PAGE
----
This past July I met the brilliant illustrator and animator Dani Marsh at an annual queer art event hosted by the Tate Britain. Eager to contribute to my project exploring the presence of gender norms, expressions, and dynamics in differing professional industries, she invited me over to her dorm room at the London College of Fashion in North Acton, London to chat. The following interview from Dani gives a glimpse into her artistic practice as she discusses the gendered implications inherent in the bifurcation of her work, embracing dualities of beauty and oddity, an expectation of sexualized bodies amongst fashion illustration, and more.
DM: Primarily, I’m trained as a fashion illustrator, but I would like to create more animation and moving image storytelling. Hopefully once I’ve made some money and gone freelance, then I can start making a lot more films. In regards to animation, I think gendered assumptions about creativity are dependent on the field and types of work. The more “mathematical” creativity like graphic design, animation, architecture, stuff that involves you being quite technical — not that drawing doesn’t require intelligence — are thought of as male. But then my other work, like watercolors or stuff like that, is seen as feminine based creativity.
When I started to get more confident in myself, my work changed massively. Definitely. My whole drawing style changed completely from wanting everything to be perfectly in proportion, to disregarding the rules and really going full “ugly.” This kind of drawing motif I’ve become obsessed with, pig nose girls, is like super fucking weird! I love the dynamic of being really feminine but at the same time, being a little bit uneasy, weird, and melancholic. That’s something I try to explore in the characters I create. A lot of “feminine” art is thought of as not as important. You get stick from people for being too “girly,” and they say “girly” like its a dirty word. My work is all about embracing skewed, odd features within tropes of traditional beauty.
Often times people don’t take my work seriously because it’s feminine. It seems quite twee to some people. But if you look closer, I think it’s quite creepy and little bit off. I mainly draw women, and it’s great because you can really just celebrate womankind. I’m exploring different bodies, gender nonconformity, this massive spectrum of different people… You can create the people you want to see represented. It’s not even conscious most of the time, I’m actually trying to be more conscious about it. Creating work of women who are quirky-looking has helped me embrace that about myself. So in a lot of my drawings they’ve got spots on their skin, gaps in their teeth — a lot of my own insecurities coming out – but then it looks really good. It’s quite empowering, actually.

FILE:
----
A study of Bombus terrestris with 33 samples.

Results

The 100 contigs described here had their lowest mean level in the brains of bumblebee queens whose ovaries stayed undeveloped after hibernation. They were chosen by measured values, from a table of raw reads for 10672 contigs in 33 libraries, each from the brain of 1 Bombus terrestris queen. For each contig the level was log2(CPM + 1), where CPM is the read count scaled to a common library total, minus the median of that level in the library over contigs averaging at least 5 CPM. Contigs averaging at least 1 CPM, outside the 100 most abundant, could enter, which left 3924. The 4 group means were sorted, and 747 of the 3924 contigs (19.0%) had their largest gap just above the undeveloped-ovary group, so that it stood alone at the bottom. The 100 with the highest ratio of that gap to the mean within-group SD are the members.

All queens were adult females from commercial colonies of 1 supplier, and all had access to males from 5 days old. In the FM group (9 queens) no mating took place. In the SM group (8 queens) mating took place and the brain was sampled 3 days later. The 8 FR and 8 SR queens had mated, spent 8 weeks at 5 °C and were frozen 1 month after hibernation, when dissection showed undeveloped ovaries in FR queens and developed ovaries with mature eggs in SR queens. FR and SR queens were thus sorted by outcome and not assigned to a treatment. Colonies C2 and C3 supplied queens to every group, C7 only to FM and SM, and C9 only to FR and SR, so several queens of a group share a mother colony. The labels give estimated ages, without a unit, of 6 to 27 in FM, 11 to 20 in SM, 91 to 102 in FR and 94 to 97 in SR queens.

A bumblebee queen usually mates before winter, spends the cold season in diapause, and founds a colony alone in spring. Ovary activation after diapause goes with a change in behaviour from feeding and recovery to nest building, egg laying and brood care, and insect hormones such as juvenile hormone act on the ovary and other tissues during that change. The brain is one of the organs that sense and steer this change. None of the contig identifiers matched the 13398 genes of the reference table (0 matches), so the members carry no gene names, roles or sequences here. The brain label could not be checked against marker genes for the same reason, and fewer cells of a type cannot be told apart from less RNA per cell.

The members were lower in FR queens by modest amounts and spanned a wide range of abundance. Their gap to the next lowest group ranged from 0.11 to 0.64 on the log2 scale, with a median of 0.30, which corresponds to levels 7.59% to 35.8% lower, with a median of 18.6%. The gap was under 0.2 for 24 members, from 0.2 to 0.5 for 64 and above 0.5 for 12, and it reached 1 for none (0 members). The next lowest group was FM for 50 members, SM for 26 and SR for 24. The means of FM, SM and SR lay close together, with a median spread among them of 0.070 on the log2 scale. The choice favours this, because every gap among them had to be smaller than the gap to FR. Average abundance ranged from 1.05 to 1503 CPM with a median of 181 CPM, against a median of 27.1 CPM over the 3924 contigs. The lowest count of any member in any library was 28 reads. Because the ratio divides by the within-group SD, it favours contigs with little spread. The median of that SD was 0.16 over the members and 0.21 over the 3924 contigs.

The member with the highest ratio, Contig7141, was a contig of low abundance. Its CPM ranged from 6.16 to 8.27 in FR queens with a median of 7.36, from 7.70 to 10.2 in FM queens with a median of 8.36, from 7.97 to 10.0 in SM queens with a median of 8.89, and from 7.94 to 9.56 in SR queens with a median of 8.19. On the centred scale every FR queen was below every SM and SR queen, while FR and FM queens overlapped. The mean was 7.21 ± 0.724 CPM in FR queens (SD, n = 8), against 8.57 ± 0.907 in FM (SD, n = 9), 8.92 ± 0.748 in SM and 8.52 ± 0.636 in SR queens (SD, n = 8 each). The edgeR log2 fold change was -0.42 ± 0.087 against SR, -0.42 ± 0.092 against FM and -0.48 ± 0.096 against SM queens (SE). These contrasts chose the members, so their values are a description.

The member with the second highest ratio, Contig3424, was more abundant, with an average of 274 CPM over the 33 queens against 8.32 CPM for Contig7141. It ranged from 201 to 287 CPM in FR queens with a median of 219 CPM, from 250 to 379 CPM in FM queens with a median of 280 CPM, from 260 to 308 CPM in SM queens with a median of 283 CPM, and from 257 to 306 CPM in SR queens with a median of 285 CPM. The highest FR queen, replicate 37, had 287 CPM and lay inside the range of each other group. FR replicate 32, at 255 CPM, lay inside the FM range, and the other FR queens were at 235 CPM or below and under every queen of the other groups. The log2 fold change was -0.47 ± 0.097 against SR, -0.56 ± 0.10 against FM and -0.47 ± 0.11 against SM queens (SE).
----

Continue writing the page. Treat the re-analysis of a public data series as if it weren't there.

People perceive the commercial side of fashion illustration to be all about photorealistic beautiful women with long hair. But people who work in the industry actually want it to be “edgier.” This idea of edge, which is usually synonymous to sexualization, has been haunting me for years. I hear, ‘you should look more edgy, dress more edgy, make more edgy work’ and that bothers me because not everyone’s work needs to be the same or totally infused with sex. I’m bored of it, I find it exhausting. There’s already a lot of sexualizing a certain type of body in fashion illustration and a demand that women be represented in a certain way.
I draw a lot of naked women, but nudity doesn’t have to be inherently sexual. My final major project was about longing and happiness you feel when you’re nostalgic — so it was aligned with my work’s theme of both beauty and feeling somewhat off. When I was in the process, everyone told me to make it more sexual and I was like, ‘This is a personal project about childhood and feelings I had about finishing uni and moving on.’ There [is] a lot of demure work in fashion illustration and I think I sit somewhere in the middle. Sexuality is a very important part of most people’s lives, but my art doesn’t need to always be about it. I found it quite infuriating the amount of people who were like, ‘Yeah your work is a bit safe and naive.
After our discussion, Dani graciously offered me a bright pink beverage and the time to investigate and photograph her living space. As these photos depict, her work is a compelling exploration of not only fashion, but what it means to exist as a womxn. Her integration of the playful and uncanny create new and compelling worlds which I’m sure will flourish in her future animation pursuits. Dani’s work is a much needed interrogation of fashion illustration’s oftentimes-singular narrative of womxnhood.